Why Do People Sin?
Next week, we will restart the annual Torah reading cycle, which always reminds me of sin — Adam and Eve and all that. What an unpleasant word. What awful baggage. Many people do bad things. They sin. But I still find the English word to be very negative. I recoil from it. And I dislike the English word much more than the Hebrew.
In Biblical Hebrew, the words are Cheyt (“to miss the mark”), Aveyrah, (“to wander off the path”), Avon (“neglect”), or Pesha (“to have failed to do something”). We all sin. Even the most holy of us. As the Bible (Ecclesiastes 7.20) explicitly says, “There is no righteous man on earth who does only good and not sin.”
Doing something wrong does not in itself make you a bad person.
Western culture, literature, music, and art are all influenced by various strains of Christianity. The origin of the idea of sin, in both Judaism and Christianity, goes back to the Bible. In the Book of Genesis, God planted two special trees in the Garden of Eden: The Tree of Life and the Tree of Knowledge. Good and Bad. When Adam was put in the Garden of Eden, he was told that he may eat whatever fruit he liked except the fruit of the Tree of Knowledge. He was given a command and a choice. We needn’t go into the ambiguity of the text here.
Chapter three of Genesis describes what Christianity calls “The Fall” — the serpent engages Eve and asks about the forbidden fruit. Eve tells him that Adam has instructed her to not even touch it. I should point out that there is no mention in the text of what the fruit was. It might have been a kiwi or, perhaps, a passion fruit. Christianity thinks it was an apple because the Latin for evil is “malum” and, coincidentally, so is the word for apple. So put the two together and there you have it.
But the sort of apples we know of nowadays were not yet imported into the Middle East. The Talmud suggests the fruit was a grape since only a drunk would be so stupid as to defy God — or a fig because they were clothed with the leaves of the tree they sinned through. But I digress.
Eve ate and then gave it to Adam to eat. I have always loved Milton’s theory in Paradise Lost that Adam only ate the fruit out of his love for her, and a desire to share whatever her fate would be. They were punished. Life will be tough outside the Garden of Eden. But there’s no mention of the idea that we are all, inevitably and basically, evil until someone dies for our sins.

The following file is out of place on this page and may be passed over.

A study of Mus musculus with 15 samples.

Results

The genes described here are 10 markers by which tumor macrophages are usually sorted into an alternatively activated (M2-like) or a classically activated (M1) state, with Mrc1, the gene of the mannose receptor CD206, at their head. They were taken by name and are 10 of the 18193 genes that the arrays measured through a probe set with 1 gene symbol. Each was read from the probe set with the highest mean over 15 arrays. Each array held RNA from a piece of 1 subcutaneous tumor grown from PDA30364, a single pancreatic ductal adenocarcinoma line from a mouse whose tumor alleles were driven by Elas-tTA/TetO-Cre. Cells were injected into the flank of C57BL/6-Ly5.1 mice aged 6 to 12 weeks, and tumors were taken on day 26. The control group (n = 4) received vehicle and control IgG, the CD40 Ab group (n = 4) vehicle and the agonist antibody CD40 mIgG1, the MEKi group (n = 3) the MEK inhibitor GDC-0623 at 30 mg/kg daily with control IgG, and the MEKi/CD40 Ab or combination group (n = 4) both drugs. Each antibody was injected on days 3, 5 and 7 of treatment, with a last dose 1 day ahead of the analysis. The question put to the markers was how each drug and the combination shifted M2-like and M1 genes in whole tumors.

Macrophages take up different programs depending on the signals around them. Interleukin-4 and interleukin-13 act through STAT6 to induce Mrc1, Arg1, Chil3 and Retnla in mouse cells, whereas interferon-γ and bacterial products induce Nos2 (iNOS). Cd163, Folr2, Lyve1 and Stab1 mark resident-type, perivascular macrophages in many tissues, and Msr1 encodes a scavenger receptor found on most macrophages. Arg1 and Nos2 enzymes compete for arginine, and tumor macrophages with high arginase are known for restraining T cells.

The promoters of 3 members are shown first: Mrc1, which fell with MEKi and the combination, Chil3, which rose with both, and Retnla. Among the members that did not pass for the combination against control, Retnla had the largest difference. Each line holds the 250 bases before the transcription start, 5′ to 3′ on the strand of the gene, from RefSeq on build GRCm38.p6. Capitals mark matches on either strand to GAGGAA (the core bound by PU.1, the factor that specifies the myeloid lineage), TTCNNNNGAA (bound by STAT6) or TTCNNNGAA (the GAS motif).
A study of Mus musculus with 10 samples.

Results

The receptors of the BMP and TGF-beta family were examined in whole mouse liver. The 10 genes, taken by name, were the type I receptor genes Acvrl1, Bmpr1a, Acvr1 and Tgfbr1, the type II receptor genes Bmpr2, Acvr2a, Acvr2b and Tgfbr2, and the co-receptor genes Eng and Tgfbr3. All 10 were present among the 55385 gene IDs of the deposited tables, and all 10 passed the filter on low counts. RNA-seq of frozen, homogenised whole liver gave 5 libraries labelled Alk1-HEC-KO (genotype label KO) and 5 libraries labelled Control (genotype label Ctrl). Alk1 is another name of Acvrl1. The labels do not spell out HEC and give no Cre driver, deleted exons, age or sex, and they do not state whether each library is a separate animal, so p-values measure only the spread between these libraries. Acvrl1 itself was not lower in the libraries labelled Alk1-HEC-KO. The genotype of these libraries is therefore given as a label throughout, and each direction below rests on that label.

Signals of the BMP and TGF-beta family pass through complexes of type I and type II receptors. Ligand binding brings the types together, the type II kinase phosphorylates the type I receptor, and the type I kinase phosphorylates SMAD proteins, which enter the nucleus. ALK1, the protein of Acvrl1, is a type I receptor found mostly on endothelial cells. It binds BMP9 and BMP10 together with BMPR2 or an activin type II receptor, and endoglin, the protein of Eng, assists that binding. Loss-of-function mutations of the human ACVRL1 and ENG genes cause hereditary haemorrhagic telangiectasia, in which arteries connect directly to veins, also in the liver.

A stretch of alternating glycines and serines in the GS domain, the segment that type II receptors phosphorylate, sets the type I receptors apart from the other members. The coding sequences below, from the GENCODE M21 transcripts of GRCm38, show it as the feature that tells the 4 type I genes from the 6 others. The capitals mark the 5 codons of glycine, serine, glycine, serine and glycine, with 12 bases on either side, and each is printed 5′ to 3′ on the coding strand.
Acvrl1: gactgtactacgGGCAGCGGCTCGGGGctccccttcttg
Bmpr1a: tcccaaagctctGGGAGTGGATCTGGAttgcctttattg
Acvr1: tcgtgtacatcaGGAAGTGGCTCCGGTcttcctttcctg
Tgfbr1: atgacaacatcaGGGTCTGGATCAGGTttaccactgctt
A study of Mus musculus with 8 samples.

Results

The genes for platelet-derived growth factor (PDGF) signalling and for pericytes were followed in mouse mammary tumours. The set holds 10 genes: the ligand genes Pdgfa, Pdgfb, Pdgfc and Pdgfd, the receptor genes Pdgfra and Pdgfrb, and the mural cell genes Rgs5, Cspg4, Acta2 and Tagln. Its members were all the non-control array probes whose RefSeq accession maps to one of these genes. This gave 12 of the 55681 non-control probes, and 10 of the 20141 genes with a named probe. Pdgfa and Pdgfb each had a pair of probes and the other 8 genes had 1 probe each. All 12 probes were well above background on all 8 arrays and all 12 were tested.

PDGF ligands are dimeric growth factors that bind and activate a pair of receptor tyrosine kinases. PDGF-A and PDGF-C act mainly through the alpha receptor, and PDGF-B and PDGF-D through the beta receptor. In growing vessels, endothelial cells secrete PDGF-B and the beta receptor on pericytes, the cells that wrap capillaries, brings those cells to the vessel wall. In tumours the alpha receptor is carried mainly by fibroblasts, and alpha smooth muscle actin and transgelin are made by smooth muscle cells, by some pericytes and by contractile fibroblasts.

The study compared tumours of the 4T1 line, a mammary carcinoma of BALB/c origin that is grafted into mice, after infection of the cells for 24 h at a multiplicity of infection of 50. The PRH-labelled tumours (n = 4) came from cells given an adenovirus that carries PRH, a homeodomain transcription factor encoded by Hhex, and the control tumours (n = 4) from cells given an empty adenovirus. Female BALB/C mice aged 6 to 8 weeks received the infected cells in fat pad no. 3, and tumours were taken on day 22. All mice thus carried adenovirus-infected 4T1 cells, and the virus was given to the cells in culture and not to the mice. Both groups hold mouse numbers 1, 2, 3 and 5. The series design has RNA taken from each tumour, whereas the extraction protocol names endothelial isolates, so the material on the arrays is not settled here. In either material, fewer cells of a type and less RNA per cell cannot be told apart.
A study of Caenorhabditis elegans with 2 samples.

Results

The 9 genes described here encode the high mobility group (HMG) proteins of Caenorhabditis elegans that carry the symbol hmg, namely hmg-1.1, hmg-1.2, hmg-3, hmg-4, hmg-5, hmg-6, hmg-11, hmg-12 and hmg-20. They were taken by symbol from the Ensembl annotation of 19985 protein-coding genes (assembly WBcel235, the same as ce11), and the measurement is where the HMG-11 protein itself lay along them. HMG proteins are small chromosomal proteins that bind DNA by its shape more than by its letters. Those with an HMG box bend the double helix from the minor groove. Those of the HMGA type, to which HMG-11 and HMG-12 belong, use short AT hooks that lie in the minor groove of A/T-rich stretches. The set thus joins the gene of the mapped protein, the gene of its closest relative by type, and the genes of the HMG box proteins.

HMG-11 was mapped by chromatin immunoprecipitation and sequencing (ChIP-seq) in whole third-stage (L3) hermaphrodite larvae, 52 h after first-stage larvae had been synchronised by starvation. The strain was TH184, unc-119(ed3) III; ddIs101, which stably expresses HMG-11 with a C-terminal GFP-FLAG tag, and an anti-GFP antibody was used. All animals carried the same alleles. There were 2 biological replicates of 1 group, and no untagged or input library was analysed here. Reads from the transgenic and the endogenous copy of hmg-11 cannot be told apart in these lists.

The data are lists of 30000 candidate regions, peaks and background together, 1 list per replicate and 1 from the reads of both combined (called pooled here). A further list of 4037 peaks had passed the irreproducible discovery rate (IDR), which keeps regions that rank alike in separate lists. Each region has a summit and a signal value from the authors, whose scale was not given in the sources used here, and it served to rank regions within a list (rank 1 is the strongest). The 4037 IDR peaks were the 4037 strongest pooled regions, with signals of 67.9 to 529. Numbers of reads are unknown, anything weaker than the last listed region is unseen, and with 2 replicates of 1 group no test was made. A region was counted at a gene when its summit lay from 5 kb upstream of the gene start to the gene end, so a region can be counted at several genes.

The Bible has a rather healthy attitude towards sin. If you’ve done it, admit it to yourself and to God. Not to a priest or a rabbi. Atone and get on with your life. Atonement for sinning against other humans can only be forgiven if we put it right, determine not to do it again, and recompense those we may have deprived of something material.
As for God, we can repent at any time. Every day we say a prayer asking for forgiveness. Every new month is a little Day of Atonement (without fasting). And then, of course, the Ten Days of Repentance are the occasion of national and personal expression of regret and a determination to do better. All the penances we read about in the Kabbalah were late additions to our way of thinking about sin. In the end, when we sin, we let ourselves, as well as God, down. The most difficult part of all is forgiving ourselves for failing to live up to our own standards.
How, then, do we explain the evil that humans do? In Genesis 6:5, the text says there is a tendency in the thoughts of mankind (the word is Yetzer). This is the basis of the idea that humans have two tendencies: To do good, the Yetzer HaTov; and to do bad, the Yetzer HaRa. Life is a constant struggle between them. This idea is repeated after the Flood (Genesis 8:21) “There is a tendency in the heart of man that is evil from his youth.” The source of evil is youth rather than birth, and experience rather than instinct. This is the mainstream view of Judaism. It is very different than the idea of the “Fall of Man” and “Original Sin.”
Yet, as with so many theological concepts in the Talmud, you can find other ideas. Mysticism adds new dimensions. The false Messiah, Shabtai Zvi, said that it is necessary to sin in order to know the difference between good and bad. You can find this idea in Chasidic thought, too.
What is the source of the evil that exists in our world? Even in so-called “civilized” countries, torture, rape, and murder are still pervasive. Children are kidnapped and used for unspeakable things and then killed. The world can seem like a pretty sick place. The Christian attitude, that we are born basically evil, is sometimes very appealing. Yet, at the same time, we do so much good and there is a vast reservoir of charitable creativity. Goodness needs to be explained as much as evil does.
Despite everything, Judaism retains a basic optimism, or at least neutrality, about human nature. And yet, I have heard enough Jewish hellfire and brimstone preachers to know that you can find all kinds of attitudes alive and flourishing among us.
The question remains: Are some people just more naturally inclined towards living a good life and others to a bad one? Does one’s attitude to sin reflect the way one has been brought up and educated — or is it the result of genetic makeup? It is probably a combination of them all.
Rabbi Jeremy Rosen received his rabbinic ordination from Mir Yeshiva in Jerusalem. He has worked in the rabbinate, Jewish education, and academia for more than 40 years in Europe and the US. He currently lives in the US, where he writes, teaches, lectures, and serves as rabbi of a small community in New York.